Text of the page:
Category: Professional Posters
Purpose: Exacerbation of chronic obstructive pulmonary disease (COPD) is a common reason for hospital admission. Guidelines recommend systemic corticosteroids during acute exacerbations to reduce the risk of treatment failure and relapse as well as improve lung function and breathlessness. Although guidelines recommend use of oral (PO) prednisone, many patients at Methodist Medical Center of Oak Ridge receive intravenous (IV) methylprednisolone. Investigators sought to assess the impact of an IV to PO substitution program on IV methylprednisolone use and length of stay for patients with COPD.
Methods: This was a single center, pre-post retrospective study evaluating the impact of a pharmacist-driven, automatic IV to PO corticosteroid substitution program on average IV methylprednisolone days of therapy (DOT) and average patient length of stay (LOS). All patients in a COPD diagnosis-related group (DRGs 191-193) were included in the study. Data were collected prior to substitution program implementation (May 2016-April 2017) and compared to data collected after implementation (May 2018-April 2019). Pharmacists screened all patients receiving IV methylprednisolone to determine eligibility for conversion to oral prednisone. Patients met criteria for conversion if they were receiving IV methylprednisolone doses of ≤40 mg for at least 24 hours, tolerating an oral solid diet, and taking other medications by mouth. Independent samples t-tests were used to compare pre-post data.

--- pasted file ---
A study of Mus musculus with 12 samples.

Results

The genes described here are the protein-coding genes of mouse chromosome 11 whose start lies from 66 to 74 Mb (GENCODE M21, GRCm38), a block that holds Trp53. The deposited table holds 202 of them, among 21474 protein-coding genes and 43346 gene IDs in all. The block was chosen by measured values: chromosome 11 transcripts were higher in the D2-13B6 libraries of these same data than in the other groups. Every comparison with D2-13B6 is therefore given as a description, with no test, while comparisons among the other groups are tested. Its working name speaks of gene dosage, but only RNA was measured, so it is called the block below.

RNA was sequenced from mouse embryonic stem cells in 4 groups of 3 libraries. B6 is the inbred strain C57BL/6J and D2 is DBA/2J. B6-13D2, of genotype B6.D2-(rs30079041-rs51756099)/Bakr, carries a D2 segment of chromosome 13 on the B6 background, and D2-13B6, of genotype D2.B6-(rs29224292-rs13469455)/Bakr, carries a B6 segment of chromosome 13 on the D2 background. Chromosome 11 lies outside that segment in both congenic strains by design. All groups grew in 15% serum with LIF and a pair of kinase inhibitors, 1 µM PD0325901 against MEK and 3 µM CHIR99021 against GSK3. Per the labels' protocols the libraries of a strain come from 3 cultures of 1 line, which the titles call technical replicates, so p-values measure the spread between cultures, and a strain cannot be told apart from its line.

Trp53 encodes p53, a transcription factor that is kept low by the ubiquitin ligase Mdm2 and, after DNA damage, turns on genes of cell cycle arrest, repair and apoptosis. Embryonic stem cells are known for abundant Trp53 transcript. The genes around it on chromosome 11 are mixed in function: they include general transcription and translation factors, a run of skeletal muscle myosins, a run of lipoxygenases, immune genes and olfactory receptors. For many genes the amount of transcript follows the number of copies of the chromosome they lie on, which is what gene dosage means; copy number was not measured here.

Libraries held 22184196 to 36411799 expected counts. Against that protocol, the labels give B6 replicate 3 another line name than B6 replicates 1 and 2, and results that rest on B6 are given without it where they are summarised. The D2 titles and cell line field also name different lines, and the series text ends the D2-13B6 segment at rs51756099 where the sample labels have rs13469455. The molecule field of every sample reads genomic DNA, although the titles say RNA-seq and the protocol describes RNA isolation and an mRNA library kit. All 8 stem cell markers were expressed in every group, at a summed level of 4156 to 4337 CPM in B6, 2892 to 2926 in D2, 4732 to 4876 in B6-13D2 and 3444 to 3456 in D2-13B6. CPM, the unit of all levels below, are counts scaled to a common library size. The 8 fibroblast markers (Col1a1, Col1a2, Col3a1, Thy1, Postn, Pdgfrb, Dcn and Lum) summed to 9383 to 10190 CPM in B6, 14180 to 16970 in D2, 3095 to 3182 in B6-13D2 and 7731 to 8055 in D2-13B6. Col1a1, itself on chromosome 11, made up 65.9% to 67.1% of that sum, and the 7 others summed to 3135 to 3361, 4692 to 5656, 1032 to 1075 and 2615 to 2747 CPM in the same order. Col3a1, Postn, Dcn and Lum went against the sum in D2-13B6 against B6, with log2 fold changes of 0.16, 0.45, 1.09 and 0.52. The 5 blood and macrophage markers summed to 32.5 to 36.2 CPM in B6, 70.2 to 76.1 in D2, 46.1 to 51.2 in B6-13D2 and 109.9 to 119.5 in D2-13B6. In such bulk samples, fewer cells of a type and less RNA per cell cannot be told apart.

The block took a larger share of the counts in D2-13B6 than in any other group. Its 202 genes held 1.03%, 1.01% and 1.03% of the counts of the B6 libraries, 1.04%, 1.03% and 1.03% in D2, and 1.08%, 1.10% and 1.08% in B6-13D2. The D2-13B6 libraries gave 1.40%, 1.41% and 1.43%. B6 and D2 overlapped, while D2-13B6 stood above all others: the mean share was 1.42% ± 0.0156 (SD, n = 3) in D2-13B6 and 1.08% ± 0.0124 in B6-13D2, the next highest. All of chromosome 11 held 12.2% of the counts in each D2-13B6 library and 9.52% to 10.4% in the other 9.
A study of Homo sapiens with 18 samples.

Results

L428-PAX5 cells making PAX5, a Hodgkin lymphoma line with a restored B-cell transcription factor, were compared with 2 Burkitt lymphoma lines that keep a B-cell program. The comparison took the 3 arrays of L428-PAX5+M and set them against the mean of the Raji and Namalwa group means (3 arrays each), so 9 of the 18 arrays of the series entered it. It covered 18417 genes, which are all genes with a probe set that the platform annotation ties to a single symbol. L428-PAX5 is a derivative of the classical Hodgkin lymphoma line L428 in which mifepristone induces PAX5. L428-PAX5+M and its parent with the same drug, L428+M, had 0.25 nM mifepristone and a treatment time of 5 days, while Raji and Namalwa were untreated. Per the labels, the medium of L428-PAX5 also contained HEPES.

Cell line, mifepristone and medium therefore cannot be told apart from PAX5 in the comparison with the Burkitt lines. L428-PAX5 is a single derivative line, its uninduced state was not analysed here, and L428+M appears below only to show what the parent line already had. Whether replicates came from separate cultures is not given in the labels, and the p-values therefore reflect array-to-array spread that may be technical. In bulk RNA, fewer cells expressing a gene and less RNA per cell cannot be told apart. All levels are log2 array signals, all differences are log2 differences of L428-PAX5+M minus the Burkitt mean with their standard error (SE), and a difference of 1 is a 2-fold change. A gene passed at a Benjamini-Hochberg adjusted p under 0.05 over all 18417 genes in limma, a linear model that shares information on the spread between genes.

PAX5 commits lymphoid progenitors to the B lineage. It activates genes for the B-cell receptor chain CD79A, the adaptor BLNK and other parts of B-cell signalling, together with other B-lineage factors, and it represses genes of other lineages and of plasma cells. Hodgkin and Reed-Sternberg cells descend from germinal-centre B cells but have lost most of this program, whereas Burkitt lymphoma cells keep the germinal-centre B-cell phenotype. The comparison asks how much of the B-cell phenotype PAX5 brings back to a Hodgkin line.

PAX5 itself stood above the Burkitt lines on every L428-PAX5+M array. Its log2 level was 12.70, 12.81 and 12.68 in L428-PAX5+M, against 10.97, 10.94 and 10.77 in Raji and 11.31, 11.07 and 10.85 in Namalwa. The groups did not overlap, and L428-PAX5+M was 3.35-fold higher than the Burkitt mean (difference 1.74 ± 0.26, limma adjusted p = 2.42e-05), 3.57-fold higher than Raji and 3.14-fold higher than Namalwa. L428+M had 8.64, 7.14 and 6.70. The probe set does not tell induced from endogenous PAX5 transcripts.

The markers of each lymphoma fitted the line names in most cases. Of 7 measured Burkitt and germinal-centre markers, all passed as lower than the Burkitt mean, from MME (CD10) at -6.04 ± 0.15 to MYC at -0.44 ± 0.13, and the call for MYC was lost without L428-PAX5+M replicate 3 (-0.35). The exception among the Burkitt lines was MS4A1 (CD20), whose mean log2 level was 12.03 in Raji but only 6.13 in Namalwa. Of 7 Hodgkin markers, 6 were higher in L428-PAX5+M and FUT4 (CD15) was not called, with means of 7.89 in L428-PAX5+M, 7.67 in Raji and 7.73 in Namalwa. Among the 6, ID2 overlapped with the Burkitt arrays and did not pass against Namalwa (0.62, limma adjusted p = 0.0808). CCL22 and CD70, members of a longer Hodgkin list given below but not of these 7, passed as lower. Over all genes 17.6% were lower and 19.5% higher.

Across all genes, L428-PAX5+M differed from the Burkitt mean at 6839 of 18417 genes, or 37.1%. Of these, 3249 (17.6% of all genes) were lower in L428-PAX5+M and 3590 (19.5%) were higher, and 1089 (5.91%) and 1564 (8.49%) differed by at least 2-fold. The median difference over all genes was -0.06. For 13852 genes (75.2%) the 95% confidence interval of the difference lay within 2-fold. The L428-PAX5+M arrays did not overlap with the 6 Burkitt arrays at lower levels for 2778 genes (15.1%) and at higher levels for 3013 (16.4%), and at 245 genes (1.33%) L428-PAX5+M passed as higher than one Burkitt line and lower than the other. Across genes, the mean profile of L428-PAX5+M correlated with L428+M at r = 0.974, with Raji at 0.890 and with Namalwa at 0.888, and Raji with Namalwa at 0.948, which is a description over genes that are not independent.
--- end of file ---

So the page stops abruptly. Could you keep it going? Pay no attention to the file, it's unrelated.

Results: There were a total of 387 patients in the three COPD DRGs (191-193) in the post-implementation group and 467 in the pre-implementation group. The hospital experienced a significant reduction in the average IV methylprednisolone DOT after implementation [(4.2 ± 2.2 days) vs. (3.8 ± 2.3 days); p<0.001]. Additionally, there was a significant reduction in LOS [(5.5 ± 3.2 days) vs. (5.1 ± 3.3 days); p=0.003].
Conclusion: Implementation of a pharmacist-driven, automatic IV to PO corticosteroid conversion program in patients with COPD resulted in a significant reduction in the use of IV methylprednisolone and may have contributed to a significant decrease in length of stay.